Norman Steinberg, ‘Blazing Saddles’ Screenwriter, Dies at 83

Screenwriter also penned the ’80s comedies “My Favorite Year” and “Johnny Dangerously”

Warner Bros.

Norman Steinberg, screenwriter of the classic Mel Brooks comedy “Blazing Saddles,” has died at the age of 83, his family said through a statement by the Writers Guild of America East.

Born in Brooklyn, New York, and a graduate of the University of Pittsburgh law school, Steinberg sought to be a comedy writer after he felt dissatisfied with life as an attorney. That dream was something that he would regularly tell Brooks when he encountered him at the Chock Full ‘O Nuts cafe in Manhattan, which led the famed comedian and producer to tell Steinberg to write a script for the sitcom “Get Smart.”

Though “Get Smart” was canceled by the time Steinberg finished the script, Brooks enjoyed it and told him to pursue writing. He quit his job as a lawyer and got his start as a writer for the music magazine Cash Box. Like countless others, he moved to Hollywood with hopes of a showbiz career and ended up in the writers room of “The Flip Wilson Show” alongside future legendary comedian George Carlin, winning an Emmy for his work alongside his fellow writers.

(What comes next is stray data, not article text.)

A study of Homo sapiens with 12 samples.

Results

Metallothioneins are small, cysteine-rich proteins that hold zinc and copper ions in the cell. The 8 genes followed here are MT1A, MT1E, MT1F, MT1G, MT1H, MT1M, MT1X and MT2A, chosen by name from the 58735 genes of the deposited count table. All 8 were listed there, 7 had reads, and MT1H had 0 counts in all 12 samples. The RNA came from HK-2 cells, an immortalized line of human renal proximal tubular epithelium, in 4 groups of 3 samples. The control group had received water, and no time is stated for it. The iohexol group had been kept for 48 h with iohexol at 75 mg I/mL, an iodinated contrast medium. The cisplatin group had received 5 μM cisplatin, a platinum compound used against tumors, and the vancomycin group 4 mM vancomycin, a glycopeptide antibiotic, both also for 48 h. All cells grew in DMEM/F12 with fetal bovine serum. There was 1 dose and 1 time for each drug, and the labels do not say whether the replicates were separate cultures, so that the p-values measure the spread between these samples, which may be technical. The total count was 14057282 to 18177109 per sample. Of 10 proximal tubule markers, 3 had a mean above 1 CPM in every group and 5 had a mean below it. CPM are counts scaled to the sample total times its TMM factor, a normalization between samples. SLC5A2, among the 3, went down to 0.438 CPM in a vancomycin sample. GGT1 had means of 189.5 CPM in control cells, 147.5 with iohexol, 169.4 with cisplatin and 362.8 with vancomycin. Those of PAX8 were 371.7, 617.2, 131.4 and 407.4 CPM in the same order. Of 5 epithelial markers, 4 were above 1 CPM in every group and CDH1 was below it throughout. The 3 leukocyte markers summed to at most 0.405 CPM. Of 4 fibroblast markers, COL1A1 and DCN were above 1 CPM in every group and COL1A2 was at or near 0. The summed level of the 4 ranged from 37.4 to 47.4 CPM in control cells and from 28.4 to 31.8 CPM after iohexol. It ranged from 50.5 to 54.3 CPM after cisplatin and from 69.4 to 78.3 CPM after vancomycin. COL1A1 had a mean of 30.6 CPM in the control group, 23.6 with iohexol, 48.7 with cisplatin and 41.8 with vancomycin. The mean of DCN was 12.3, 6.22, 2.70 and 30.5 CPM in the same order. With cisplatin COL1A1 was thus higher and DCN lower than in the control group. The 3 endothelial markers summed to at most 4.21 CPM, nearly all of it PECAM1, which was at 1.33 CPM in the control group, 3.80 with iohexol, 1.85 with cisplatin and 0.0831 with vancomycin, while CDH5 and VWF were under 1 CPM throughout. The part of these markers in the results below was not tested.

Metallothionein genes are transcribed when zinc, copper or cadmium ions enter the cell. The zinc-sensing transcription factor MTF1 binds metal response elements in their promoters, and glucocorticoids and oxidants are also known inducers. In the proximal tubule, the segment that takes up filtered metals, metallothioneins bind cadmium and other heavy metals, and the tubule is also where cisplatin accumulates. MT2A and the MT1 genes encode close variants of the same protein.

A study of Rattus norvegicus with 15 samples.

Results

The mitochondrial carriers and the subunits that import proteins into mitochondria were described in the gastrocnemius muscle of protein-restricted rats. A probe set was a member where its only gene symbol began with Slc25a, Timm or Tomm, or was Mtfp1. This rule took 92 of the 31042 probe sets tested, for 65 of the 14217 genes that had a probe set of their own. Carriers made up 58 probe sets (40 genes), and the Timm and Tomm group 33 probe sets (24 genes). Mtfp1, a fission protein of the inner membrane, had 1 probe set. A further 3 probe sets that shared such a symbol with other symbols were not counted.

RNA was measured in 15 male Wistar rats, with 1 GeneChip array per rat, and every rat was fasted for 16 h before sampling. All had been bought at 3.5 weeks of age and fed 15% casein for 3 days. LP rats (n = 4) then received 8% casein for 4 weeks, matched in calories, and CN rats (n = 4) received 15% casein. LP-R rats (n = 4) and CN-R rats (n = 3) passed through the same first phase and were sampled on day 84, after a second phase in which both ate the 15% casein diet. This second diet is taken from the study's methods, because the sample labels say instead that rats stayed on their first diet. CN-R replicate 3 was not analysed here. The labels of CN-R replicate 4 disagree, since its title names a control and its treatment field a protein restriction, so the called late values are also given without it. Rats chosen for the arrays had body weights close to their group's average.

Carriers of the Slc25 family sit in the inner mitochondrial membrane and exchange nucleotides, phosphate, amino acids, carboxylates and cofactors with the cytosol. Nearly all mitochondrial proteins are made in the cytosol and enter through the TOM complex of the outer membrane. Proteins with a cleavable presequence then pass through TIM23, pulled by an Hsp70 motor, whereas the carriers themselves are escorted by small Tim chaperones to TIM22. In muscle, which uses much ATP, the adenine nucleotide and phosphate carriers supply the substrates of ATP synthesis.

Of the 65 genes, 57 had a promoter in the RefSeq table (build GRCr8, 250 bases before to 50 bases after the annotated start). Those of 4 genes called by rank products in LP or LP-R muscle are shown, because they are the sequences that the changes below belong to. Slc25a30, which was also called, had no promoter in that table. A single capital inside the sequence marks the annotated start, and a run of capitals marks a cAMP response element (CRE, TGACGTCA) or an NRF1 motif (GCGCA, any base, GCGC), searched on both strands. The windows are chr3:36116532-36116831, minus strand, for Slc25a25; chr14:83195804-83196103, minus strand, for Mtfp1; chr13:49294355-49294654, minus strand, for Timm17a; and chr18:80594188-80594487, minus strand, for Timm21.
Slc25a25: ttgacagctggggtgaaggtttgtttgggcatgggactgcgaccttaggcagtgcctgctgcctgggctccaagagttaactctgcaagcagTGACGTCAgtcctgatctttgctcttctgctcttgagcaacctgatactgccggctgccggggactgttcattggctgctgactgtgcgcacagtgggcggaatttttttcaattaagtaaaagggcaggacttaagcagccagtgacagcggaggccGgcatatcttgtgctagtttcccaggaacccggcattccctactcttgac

Then, in the early 1970s, Brooks called in Steinberg to work with Richard Pryor on a script draft by Andrew Bergman called “Tex X.” That draft, after being polished by Steinberg, would go on to become the screenplay for “Blazing Saddles,” one of the most famous films of Brooks’ career.

After “Blazing Saddles,” Steinberg continued comedy writing with the 1980s films “My Favorite Year” starring Peter O’Toole and “Johnny Dangerously” starring Michael Keaton and Joe Piscopo.

Later in life, Steinberg became a mentor to future generations of writers as a professor at Long Island University, where he started a masters program called the TV Writers Studio. He led the program for more than a decade, and a scholarship fund was created at the university under his name.

He is survived by his wife, Serine Hastings; his son, Nik, and daughter, Daphne; daughter-in-law, Lilly, and son-in-law, Andreas; grandchildren, Oona, June, and Gus; sister, Joan Minsky; step-children Freja and Alex, their partners Danny and Caroline, and their children, Llewyn and Arthur; and his former wife and mother of his two children, Bonnie Strock.